Today, our first prototype deck arrived in Chicago to get feedback from some wonderfully kind people: Elaine and Max of CAH fame. We’ve thanked profusely in many different forms, in many different places, and who we’ll thank many different times in the future. We may wind up annoying them by thanking them too much. They’ll just have to deal with that.
Because we’re good people and all, but in terms of games, we’re nobody. We made a good game, I think, and I hope to be somebody in the future. I hope that people get excited to hear what we have to share with the world next – but right now, there’s nothing to base that on. Still, Max and Elaine asked us to send the game to them for them to check out.
I think people are, generally speaking, good, but the response we’ve gotten from people and their willingness to help has been amazing. Brian Mazurowski, who just released Tontine on the world through Kickstarter, has been amazing, too. He gave us some excellent advice about where to look for production, and he’s been really supportive, too.
The only bad part about getting help like this from people is that there’s no real way to pay them back. What could we do? Give Max advice on the next CAH expansion? He doesn’t need it. Put up a link to buy Tontine? Uh, actually, yeah. That. But what sort of payment is that? The thing that’s so amazing about what they’ve done is that John and I can’t pay them back…and they helped us (and are continuing to help us) anyway.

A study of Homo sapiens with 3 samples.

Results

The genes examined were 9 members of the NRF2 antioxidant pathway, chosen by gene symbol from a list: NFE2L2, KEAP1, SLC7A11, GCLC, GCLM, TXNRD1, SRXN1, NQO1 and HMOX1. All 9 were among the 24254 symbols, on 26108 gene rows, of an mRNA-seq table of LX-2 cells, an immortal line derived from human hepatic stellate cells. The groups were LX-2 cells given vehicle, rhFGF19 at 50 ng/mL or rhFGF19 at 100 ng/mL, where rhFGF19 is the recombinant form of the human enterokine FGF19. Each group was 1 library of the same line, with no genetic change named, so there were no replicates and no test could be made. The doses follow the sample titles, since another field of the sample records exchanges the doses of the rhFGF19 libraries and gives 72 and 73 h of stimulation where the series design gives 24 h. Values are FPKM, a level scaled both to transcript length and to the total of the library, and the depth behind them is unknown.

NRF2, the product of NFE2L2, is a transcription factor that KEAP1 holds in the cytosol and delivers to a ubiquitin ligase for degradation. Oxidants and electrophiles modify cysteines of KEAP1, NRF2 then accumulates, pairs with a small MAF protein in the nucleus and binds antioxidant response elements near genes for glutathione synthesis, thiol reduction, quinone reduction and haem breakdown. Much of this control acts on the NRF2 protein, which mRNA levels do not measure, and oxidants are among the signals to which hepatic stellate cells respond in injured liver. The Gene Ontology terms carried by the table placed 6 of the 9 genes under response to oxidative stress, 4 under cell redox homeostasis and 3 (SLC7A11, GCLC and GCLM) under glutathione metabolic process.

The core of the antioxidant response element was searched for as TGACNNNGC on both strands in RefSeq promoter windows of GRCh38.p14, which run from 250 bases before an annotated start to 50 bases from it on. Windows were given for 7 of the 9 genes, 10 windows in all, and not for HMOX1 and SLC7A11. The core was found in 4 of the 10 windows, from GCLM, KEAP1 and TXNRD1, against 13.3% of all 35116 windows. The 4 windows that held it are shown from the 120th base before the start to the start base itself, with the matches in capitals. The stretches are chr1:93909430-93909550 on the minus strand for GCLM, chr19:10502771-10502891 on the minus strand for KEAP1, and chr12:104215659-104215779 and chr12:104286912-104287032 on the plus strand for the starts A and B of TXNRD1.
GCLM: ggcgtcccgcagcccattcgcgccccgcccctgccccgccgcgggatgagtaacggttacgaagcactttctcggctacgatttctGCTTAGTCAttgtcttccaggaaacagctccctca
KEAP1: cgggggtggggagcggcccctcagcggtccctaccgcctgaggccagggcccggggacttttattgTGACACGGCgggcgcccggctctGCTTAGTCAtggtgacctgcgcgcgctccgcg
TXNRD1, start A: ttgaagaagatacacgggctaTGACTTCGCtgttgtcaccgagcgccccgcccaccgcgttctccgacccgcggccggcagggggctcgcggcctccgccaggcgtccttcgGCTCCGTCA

So what the hell can we do? The only thing, really, is this: try to do the same thing in the future. So, we’re calling it right now: if this whole Meltdown Games thing works out, we’ll give back. Max held some office hours and gave people great advice. We’ll do the same – though people will rightly want to talk to him more. Brian got back to us quickly with good advice, too. We’ll do the same – though I can’t guarantee we’ll have the insanely short turnaround time that he has for emails.
And even if this Meltdown Games thing doesn’t fly, we’ll still be happy to talk to anyone who wants to listen about what we think went right – and what we think went wrong. Because that’s how you really thank someone who didn’t need to help you: you help people who might think that you don’t need to help them.